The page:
October 25th, 2020

Oil-based products are still needed


By Letter to the Editor on November 28, 2019.

Littering of the environment incites campaigns against plastics. However, remove all oil products from modern society and we will have a shabby world. Not only will most of your car’s interior trimmings be gone, but also all asphalt roads, asphalt shingles on roofs, home heating, garbage bins, plastic bottles and containers in pharmacies, hardware and grocery stores; most carpets, upholstery, clothing and backpacks; and the painting industry will be without paint and gear.

Hospitals will not have plastic bags and tubing for drips and bladders; no rails for beds; no syringes; no bottles and bags for pills; no computers and screens; no protective overcoats; no foam-rubber mattresses and coverings; no bandage strips; no insulation for electric wiring; no medical gloves; and no garbage bags.

Seventy per cent of rubber used globally is made synthetically from oil. If oil products are banned from Earth, our cars will be without fuel, tires, hoses, wipers, door-sealing and lubrication. Electric cars need these, too. People will go to work on foot or bicycle.

“No, no!” you say, “We will shuttle with electric vehicles without drivers. We’ll call a number on our cellphones, and the nearest public car will pick us up.” Ah, but your phone will be without casing and electronic board; you will stand with a spoonful of copper and lead in the palm of your hand.

And where will the electricity come from? They will have to cover most of Earth’s land surface with solar panels and giant wind chargers to supply enough clean power for homes, industry, business and transport. Apart from the negative esthetic effect, think of the hazards to birds and benevolent insects like bees and butterflies.

Yes, we should seriously try to decrease the burning of fossil fuel, reducing pollution and climate change; but we will not be able to go without useful oil products like those mentioned above.

Dear Oilsands, thank you for providing in so many ways. You are part of our natural resources, gifts from Mother Nature. And we are willing to share.

Jacob Van Zyl

Lethbridge


Well done, Jakob. The last time I laughed this hard was when Clint Eastwood performed a soliloquy to a chair.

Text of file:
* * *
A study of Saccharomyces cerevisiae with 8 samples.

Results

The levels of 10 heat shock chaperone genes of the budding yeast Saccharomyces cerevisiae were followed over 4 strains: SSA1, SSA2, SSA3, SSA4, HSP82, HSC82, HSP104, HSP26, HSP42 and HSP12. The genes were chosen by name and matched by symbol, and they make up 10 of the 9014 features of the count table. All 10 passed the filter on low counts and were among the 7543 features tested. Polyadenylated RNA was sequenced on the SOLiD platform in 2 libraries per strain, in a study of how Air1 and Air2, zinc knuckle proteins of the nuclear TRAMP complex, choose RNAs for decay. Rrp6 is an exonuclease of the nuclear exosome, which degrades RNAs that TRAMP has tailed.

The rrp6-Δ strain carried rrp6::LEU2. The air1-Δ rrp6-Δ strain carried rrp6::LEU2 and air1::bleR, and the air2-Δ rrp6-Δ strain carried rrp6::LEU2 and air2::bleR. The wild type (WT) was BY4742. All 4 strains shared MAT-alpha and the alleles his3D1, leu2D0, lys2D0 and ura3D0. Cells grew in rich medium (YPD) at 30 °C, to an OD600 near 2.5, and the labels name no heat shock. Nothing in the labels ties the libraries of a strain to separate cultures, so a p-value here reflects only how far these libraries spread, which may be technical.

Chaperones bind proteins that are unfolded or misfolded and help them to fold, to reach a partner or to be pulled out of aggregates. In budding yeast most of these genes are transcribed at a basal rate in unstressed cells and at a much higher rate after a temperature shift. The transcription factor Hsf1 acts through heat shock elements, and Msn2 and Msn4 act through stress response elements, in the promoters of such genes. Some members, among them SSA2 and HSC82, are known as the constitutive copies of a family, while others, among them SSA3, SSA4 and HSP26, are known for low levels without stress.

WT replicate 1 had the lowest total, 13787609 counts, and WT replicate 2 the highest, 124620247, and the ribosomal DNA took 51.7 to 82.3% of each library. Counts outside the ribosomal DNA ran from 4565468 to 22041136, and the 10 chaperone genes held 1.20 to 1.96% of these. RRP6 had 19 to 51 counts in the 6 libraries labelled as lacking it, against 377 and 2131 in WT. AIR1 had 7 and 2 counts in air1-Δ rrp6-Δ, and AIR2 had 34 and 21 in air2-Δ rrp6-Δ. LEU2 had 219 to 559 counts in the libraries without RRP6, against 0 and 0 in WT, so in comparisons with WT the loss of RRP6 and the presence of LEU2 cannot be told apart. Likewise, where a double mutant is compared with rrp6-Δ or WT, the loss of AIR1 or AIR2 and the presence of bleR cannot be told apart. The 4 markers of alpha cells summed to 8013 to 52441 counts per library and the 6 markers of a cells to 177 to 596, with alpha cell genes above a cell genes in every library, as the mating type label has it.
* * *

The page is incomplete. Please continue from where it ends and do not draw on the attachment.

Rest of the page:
Dear Tree, even though you drop leaves on my lawn, I still love ya.

Dear Bauxite Mine, I love my aluminum cookware, though I can’t quite remember why.

George McCrea

Fescue prefers this kind of mining action. Got to have batteries for those virtue signalling cars.

https://www.cbsnews.com/news/cobalt-children-mining-democratic-republic-congo-cbs-news-investigation/

Further Fescue Here is a link to Hw it works.

https://youtu.be/YORb6nQwT78 Starts at 1:08 and is about 5 minutes on how batteries are made. Pay particular attention from the 4 to 5 minute mark. I don’t know how you will be able to stand it as they describe how bitumen is used in the production of everyday batteries. I suggest an immediate purge for you. Also an interesting exercise is to attempt to count the number of machines, parts, products that all require oil at some stage of their development.

Fescue

The Strawman cometh. I don’t think anyone is seriously advancing the notion that we eliminate plastics from industrial society. But it seems to be something that Conservative party apologists and The War Room can get worked up about.

And to use a favourite ploy of The Right: bitumen from Alberta accounts for less than 2% of world oil (the 98% being much cleaner and less likely to leave Albertans with a multi billion dollar cleanup liability when Big Oil walks away). Shut it down and spend our pensions on diversifying the economy and better supporting agriculture.

But thanks, George, for your consideration regarding the ever needed purge.

biff

lol fes – awesome!
i must ask, without oil, how are people and other living organisms going to get their essential microplastics in their diets? i can answer that: our cities would just pick our pockets via increased taxation to buy industrial waste so as to be able to add microplastics to our water, like they do fluoride.
meanwhile, there is a sustainable substitute pretty much for everything, just like there is always someone/something else that can do your job.
the curious thing is that our motivations are mostly underscored by and based on the pursuit of money and with very little mind on common sense; as well, the vast majority of our limitations are based on a so-called lack of money, which is a socially conditioned perception – and utterly stupid, at that. we have…had?…a planet that could provide us all with all our needs, and plenty of wants, and the knowledge, skills and resources (sustainable ones) to get it all done…but somehow, we buy into an artificial economic construct that on the one hands binds us, while on the other underwrites our demise.

phlushie

How else could the government increase revenue without raise the level of taxation. A well known American in 1853 claimed “If the horse population in the United States kept growing at the current rate the United States would be three feet deep in horse manure by 1953.”

johnny57

Thanks Jacob for that reality check!. Sadly the loonie-toon eviro-morons have yet to figure this out.
A world without our clean Oilsands oil and oil in general would be a scary walk backwards for sure.
But of course these hypocrites would shut-down all fossil-fuel production tomorrow but at the same time whine because their flights were canceled back to Greta-land because of a fuel shortage.
Yes its worth mentioning again Jacob…”Dear Oilsands, thankyou for providing in so many ways.”